I don’t have a high degree of attachment to most of my things.

I do, however, frequently have an attachment to the function those things perform.

This post is about my Birkenstock sandals. Okay, I know it’s kind of cliche. And no, I’m not being paid by Birkenstock. There are no affiliate links here. But I didn’t arrive at owning a pair of Birkenstocks because other people had them.

I arrived at the decision to get a pair because I wear sandals almost exclusively.I used to churn through sandals like you wouldn’t believe, because most sandals I found were missing at least one feature that I considered essential.

Put simply, I need a sandal to:

  • Be durable. I wear sandals all the time, for at least eleven months out of the year (yes, including winter – until the snow is high enough that I have to wear something that covers my foot more.) You’d be amazed at how non-durable most sandals are if you wear them all the time.
  • Be Reasonably Priced. I hate $100+ sandals – more particularly, I hate replacing $100+ sandals.
  • Have A Heel Strap. It’s hard to run in flip-flops. I need something to make sure the sandal stays on my foot if I suddenly need to move quickly.
  • Be Comfortable. Again, I wear sandals all the time. If it’s not comfortable, I don’t want it on my feet day-in and day-out!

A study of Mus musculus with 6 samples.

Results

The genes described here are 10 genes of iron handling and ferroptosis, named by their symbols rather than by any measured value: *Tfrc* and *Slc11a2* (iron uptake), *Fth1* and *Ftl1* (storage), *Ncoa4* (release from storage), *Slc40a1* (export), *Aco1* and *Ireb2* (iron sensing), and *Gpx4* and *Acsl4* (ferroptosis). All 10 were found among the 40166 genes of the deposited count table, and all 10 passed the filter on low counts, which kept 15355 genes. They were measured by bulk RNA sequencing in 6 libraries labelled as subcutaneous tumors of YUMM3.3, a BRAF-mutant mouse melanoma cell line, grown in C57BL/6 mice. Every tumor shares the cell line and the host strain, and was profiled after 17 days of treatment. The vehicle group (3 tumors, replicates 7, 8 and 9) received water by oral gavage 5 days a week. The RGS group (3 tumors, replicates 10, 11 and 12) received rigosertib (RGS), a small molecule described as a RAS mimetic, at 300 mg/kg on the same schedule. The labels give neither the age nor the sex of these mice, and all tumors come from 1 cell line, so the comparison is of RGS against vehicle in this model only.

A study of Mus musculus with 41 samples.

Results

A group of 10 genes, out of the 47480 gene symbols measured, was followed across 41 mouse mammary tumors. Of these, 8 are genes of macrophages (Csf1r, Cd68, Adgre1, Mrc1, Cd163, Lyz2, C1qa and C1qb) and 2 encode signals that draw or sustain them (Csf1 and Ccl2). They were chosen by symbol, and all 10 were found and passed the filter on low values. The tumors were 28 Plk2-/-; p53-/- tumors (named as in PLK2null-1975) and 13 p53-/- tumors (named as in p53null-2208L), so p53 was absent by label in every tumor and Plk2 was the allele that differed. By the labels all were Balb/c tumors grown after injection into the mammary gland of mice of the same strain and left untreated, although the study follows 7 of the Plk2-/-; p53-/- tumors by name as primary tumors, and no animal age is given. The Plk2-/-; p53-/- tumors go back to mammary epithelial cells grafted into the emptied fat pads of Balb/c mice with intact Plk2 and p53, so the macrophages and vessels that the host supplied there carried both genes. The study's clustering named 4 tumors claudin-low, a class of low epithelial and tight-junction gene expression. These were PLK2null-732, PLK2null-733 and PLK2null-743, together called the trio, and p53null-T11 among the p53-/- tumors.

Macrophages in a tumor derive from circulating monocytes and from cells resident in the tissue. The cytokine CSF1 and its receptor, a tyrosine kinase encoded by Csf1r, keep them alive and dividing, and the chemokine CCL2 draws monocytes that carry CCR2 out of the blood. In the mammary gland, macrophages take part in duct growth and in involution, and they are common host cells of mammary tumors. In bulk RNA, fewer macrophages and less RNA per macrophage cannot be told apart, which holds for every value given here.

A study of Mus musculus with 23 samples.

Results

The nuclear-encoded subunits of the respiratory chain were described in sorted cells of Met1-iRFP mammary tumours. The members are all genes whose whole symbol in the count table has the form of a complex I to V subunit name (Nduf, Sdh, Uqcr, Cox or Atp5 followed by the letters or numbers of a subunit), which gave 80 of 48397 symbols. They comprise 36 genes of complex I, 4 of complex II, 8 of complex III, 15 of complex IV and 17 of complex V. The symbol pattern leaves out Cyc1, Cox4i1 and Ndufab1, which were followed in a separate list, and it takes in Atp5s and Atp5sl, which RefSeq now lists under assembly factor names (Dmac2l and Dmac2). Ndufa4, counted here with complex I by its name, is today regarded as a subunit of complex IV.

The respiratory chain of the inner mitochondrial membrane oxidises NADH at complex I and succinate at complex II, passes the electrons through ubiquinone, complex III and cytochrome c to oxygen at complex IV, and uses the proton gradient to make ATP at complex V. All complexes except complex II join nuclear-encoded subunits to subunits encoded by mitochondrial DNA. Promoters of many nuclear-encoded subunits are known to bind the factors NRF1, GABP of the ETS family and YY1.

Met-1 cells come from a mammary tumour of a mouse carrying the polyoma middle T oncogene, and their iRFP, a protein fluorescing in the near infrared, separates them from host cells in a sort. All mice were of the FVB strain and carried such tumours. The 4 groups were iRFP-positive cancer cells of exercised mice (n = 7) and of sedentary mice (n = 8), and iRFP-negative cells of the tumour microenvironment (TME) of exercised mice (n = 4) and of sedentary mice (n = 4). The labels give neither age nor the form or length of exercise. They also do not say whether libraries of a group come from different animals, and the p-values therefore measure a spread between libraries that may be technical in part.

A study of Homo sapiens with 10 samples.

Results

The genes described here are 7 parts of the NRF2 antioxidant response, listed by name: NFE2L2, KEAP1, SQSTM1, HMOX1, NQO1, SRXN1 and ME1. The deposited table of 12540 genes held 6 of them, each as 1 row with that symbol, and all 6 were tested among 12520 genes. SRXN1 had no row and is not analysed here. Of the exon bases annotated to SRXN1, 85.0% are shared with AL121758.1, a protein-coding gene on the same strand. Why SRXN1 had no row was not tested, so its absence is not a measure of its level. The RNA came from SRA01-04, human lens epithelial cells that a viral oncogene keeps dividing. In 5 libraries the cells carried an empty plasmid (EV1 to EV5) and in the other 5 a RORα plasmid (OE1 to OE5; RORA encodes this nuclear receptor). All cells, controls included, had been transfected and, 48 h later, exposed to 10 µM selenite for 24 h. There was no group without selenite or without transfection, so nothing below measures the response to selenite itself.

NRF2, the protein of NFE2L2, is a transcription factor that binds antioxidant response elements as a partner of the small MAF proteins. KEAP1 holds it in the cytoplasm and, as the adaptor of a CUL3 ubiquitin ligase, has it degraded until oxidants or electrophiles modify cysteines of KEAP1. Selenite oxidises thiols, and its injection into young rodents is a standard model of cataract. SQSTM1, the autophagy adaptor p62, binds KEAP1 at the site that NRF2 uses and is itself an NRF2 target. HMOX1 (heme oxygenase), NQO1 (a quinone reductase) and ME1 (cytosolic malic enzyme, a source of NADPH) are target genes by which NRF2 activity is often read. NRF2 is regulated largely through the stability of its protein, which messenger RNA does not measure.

As a pure value consideration, Birkenstocks fit the bill.

Now…I can just hear some of you. “Most of that makes sense, but wait a minute – how are Birkenstocks reasonably priced?” It’s a fair question – after all, they’re $120 sandals. Here’s the answer:

They’re not.

Well, at least, not initially. But they meet all the other criteria (comfortable, durable, heel strap), and they have a feature that most other sandals don’t have:

They’re repairable.

If you’ve ever seen a pair of Birks, you’ll know they’re pretty simple. There’s only three real parts – a leather upper, a cork footbed, and a rubber sole.

The rubber sole can be replaced. The cork footbed can be repaired or replaced. The leather upper can be repaired if the damage is minor. And honestly, if I had the inclination and a little bit of know-how, I could probably do all of the repairs myself.

This adds up to less trips to the store, less packaging (as I’m only replacing or repairing one part at a time), less waste (since only the worn part gets thrown out), and saves a substantial amount of money over buying a whole new sandal.

What could be better?

Best of all, the local shoe repair shop here where I live gives a substantial discount on repair if you bought the sandals from them to begin with. With discount, I can get either part of the sandal (footbed or rubber sole) replaced for about $25 per pair – which is close to the cost of a reasonably-stylish alternative sandal.

I like my Birks. They’re no-nonsense, comfortable, durable footwear, and they’re a fantastic example of the “own one nice item rather than twenty mediocre items” principle. They are quite literally the only footwear item I wear as a general rule.

Like I said in the beginning, I don’t usually develop an attachment to most of my things – but I love things that perform their function well. And when you have beautiful, useful, functional stuff, that means you need less of it – which helps to keep the ever-present clutter monster at bay.